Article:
Hazel Mak is an award-winning recording artist based in the UK.
She is known for her sensual vocals, catchy Afro house and R‘n’B songs that represent the modern and empowered African woman.
She has represented Malawi on numerous occasions internationally.
Hazel made history in November 2018 when she won the Best African Act in Diaspora Award for her track Jaiva featuring Zambia’s Roberto and Tay Grin.
This was at the All Africa Music Awards (Afrima), becoming the first Malawian to ever win an Afrima.
“Honestly, I have won a few awards, but I am proud of this one because I was the first Malawian to have achieved this. It was also my first international award,” she said.
Hazel started singing at age 11.
Her father noticed her interest in the performing arts and by the time she could read, she was enrolled at a performing arts school in Ivory Coast.
The musician is also the founder of Malawian Girls Rock, a mobile platform that promotes, enables, inspires and connects women.
It spotlights achievements by Malawian women to inspire girls through campaigns and philanthropic work.
Hazel said the platform empowers young women by providing a safe space to discuss child marriages, education and career mentorship.
Malawian Girls Rock is designed to amplify girls and women’s voices through social media and mobile technology.
Hazel’s dream is to create a unique platform comprising skilled team members to showcase women in a positive way.
She wants to dismantle marginalised and oppressive systems that ensure Malawian girls remain vulnerable, oppressed, uneducated and uninspired.
The founder believes that change will only happen if the cycle of dependency is broken through leading.
“I originally created Malawian Girls Rock because I was not accommodated by existing non-governmental organisations. I believe in charity and giving back to my community, but I wasn’t given the chance.
“Instead of feeling sorry for myself over the rejections, I put my big girl pants on and started the organisation. I asked my sisters to help me and they have been helping me since,” she said.
Her organisation has been featured on BBC Focus on Africa.
Hazel also teamed up with Sir Bob Holt— a British business leader, philanthropist and founder of Mears Foundation— and Arsenal Football Club for a youth-led programme.
They donated football equipment to various schools and youth centres in Malawi.
The team also secured an internship programme for young women in Malawi.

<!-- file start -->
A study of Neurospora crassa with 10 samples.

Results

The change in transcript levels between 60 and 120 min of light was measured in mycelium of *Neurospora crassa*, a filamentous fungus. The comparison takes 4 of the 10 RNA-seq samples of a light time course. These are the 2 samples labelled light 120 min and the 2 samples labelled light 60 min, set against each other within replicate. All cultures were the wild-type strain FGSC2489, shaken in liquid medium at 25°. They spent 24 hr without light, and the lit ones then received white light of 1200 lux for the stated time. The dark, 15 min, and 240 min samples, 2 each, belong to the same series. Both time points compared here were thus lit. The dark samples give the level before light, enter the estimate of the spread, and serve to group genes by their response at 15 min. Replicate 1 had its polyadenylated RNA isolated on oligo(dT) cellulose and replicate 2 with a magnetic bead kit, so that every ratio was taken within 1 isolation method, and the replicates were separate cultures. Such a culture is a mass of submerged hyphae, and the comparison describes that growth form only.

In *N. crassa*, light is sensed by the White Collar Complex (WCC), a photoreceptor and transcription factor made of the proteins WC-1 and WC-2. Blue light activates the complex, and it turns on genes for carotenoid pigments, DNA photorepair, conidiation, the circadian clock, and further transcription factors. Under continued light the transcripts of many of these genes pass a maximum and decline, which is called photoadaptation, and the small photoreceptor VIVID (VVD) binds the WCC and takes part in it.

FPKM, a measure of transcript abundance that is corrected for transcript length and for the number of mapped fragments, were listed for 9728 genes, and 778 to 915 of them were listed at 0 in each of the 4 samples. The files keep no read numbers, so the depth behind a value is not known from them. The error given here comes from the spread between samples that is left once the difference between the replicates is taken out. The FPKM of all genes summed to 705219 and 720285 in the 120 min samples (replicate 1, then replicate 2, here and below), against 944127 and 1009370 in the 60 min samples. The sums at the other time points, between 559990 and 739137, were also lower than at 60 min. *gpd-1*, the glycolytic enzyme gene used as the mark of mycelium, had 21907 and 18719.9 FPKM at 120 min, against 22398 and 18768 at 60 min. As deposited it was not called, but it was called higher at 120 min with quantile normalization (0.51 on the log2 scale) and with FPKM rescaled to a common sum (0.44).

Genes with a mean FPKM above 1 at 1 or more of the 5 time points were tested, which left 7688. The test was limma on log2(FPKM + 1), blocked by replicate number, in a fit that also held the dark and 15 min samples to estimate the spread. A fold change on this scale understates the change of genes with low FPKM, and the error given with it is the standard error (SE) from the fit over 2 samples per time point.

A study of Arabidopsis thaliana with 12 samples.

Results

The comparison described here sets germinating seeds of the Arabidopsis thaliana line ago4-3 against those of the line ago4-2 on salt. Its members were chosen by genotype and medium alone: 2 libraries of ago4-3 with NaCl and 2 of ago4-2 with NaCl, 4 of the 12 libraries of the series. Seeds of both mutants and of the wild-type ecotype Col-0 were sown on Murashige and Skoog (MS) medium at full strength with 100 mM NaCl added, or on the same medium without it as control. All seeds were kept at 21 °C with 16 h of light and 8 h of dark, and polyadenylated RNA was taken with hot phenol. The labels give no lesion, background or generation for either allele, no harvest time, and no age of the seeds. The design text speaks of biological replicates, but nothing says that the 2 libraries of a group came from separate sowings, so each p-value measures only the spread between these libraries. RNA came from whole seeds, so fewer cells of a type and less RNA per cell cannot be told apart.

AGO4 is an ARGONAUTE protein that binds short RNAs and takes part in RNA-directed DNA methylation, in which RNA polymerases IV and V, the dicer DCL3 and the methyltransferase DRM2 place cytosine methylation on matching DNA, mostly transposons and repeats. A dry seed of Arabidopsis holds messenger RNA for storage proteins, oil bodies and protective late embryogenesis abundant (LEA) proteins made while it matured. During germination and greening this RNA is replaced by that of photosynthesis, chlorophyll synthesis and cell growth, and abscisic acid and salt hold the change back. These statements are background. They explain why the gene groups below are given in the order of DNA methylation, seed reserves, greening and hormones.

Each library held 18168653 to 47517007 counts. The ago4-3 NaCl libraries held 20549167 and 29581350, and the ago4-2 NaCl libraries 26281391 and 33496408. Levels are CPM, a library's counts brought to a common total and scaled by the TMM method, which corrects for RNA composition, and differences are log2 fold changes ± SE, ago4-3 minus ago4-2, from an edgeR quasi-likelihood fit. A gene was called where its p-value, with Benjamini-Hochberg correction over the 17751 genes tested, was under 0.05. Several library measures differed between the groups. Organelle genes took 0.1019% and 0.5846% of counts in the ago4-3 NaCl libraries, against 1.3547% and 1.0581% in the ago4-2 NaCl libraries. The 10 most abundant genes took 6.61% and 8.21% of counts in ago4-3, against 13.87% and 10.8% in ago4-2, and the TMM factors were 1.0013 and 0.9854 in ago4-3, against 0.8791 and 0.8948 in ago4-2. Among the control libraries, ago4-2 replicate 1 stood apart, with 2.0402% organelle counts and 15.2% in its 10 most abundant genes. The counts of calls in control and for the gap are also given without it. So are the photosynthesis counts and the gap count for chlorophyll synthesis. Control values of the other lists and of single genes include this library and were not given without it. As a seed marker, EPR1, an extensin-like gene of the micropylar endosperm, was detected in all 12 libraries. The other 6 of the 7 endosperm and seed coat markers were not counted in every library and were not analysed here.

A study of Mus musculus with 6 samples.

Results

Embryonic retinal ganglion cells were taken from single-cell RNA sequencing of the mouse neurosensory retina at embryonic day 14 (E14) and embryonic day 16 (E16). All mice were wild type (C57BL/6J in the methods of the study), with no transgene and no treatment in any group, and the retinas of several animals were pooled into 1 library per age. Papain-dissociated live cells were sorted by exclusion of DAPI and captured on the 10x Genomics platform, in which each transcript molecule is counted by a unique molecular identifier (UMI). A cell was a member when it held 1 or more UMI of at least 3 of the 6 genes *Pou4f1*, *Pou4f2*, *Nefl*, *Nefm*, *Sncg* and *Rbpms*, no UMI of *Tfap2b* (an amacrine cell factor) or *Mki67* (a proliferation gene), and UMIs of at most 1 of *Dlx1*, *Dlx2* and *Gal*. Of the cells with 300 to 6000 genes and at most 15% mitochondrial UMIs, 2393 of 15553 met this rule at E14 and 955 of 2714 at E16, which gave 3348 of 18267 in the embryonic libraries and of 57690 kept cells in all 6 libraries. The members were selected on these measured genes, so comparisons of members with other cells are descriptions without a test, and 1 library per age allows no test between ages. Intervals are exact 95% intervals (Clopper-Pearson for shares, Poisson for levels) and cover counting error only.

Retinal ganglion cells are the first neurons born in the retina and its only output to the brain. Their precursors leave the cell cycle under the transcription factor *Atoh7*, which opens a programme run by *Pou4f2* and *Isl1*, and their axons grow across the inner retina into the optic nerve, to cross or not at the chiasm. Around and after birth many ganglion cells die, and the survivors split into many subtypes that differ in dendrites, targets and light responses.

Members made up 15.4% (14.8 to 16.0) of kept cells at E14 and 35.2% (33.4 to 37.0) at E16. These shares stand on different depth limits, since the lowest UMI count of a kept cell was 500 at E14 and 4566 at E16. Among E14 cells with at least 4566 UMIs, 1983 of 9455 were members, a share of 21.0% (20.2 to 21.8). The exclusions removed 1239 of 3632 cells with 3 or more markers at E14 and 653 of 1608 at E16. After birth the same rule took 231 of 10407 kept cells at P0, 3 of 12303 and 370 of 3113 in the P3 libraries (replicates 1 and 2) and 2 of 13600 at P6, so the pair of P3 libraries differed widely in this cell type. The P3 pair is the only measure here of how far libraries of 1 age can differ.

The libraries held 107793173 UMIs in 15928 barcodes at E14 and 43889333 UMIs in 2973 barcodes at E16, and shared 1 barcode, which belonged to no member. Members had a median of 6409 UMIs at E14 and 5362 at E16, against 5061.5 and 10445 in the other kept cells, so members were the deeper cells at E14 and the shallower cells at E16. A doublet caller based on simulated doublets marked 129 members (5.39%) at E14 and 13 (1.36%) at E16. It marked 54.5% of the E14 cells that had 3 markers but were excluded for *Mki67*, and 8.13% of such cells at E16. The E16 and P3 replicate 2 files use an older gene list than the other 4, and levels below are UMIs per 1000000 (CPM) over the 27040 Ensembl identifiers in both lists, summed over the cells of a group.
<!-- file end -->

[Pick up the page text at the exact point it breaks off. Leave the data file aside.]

Hazel describes herself as a woman who loves other women.
“I struggle with the term feminist because I feel like the mainstream feminist movement hasn’t been — and still isn’t — enough for black women. I say this because I believe black women’s needs are different from what we think of as the mainstream feminist movement.
“Now don’t get me wrong. I am a believer of feminism, but the truth is, black women are more likely to experience violence, more likely to be paid less for their work and more likely to see fewer people who look like them in the media or holding political office. I believe in the inclusiveness of feminism, but I think we have a long way to go in addressing the concerns of black women,” she said.
The musician has two degrees in marketing and music and media management.
She is a mother to Shamiso Dube, a toddler she raises with her partner Alpha Dube.
She has numerous projects with international artists and has shared the stage with Black Motion, Lady Zamar, Price Kaybee, Ammara Brown, Oliver Mtukudzi, Sauti Sol, Micasa and Freshly Ground.
She started a business and entrepreneurship course with the Tony Elumelu Foundation, an African private-sector-led philanthropy in Africa.
During her journey as an artist, Hazel admits to have faced challenges along the way, especially being a female in that field, the most being with fellow women.
“We don’t make it any easier for ourselves. I wish we could all get along and create a healthy environment where we can be watered and grow. I mean, if it’s not men, psychotic social media trolls or society pulling us down, it’s us women doing it to each other,” she said.
“It’s a vicious and tiring cycle, but I guess the only way around this is by working with like-minded people with the same goals and ambition; and also being mindful of the people you allow on the table,” she added.
When asked about what she likes best about her career, Hazel said the freedom to be creative and creating opportunities for herself and others.
“The idea of leaving a door open for others brings me joy. What I like the least is knowing other people aren’t always going to be as supportive or even appreciative enough. It also saddens me when my collaborative efforts are crushed by petty girl issues. We need to be focused on winning collectively,” she said.
The artist is motivated by her son because she wants him to have the best qualities from his father and herself.
“I can only be the best example for him by practising what I teach him, to be tenacious, to be driven, to pursue his passions and talents; and be the best in whatever he chooses in his life,” she said.
Hazel advises young girls to be resilient, bold and assertive.
In her free time, Hazel enjoys listening to music and having cocktails or a glass of wine with the people she holds dear to her.
She has a new Amapiano record dubbed ‘In the Middle’ that has been released on all music platforms, including Malawi music.com.